National Suicide Prevention Week is an important time to focus attention on what remains a serious public health concern that all too frequently remains hidden. Learn to distinguish facts from myths and recognize when someone is at risk.
Every two minutes, someone in the U.S dies from sepsis. Sepsis Awareness Month serves to raise awareness about sepsis, including the signs and symptoms, because even just knowing what it is can save someone’s life.
CVMC sports medicine specialist Catherine Naden, MD reviews pointers to help you have a safe and successful return to fall athletics, including the importance of hydration and protecting the brain.
An accident, injury or serious illness can happen to anyone at any time. Planning in advance for how you want to be cared for at the end of life can minimize conflict and uncertainty about decisions that may arise. Learn how to make your wishes known to family, friends and health care providers.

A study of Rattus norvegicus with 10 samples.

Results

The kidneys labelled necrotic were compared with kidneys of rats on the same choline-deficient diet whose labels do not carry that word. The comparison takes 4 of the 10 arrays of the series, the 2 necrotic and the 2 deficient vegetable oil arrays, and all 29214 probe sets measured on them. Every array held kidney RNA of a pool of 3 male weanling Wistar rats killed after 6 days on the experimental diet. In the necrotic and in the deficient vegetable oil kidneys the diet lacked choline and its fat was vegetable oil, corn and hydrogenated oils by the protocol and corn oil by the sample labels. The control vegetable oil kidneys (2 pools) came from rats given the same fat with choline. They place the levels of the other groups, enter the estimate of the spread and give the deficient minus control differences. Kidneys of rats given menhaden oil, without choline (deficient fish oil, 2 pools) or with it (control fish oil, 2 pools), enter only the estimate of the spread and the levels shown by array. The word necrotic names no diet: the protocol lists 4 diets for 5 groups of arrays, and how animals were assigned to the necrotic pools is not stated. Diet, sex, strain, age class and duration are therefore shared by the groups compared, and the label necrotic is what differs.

Allen Yearick, administrator at Woodridge Nursing and Rehabilitation, talks about the team effort that earned Woodridge a deficiency free rating in their recent annual state survey, as well as the Times Argus "Best of the Best" award.
The Fourth of July feels like the unofficial start of summer – with its barbecues, fireworks, and fun with family and friends. If you choose to light fireworks at home, follow these tips for making sure everyone stays safe.
This is the time of year when Vermonters, in particular, need to start being very careful about excessive exposure to the sun and its ultraviolet (UV) rays that can cause skin cancer. Learn what you need to know to keep your family protected from harmful rays.
May 31 is World No Tobacco Day. It’s the day that the World Health Organization and its partners highlight the health risks associated with tobacco use. Cigarettes, chewing tobacco, and other products containing nicotine are bad for our health.
National Stroke Awareness Month may be behind us, but work is always needed to combat one of the deadliest diseases on earth. Family medicine physician Dr. Matthew Sullivan offers real, concrete steps we can all take to reduce that risk.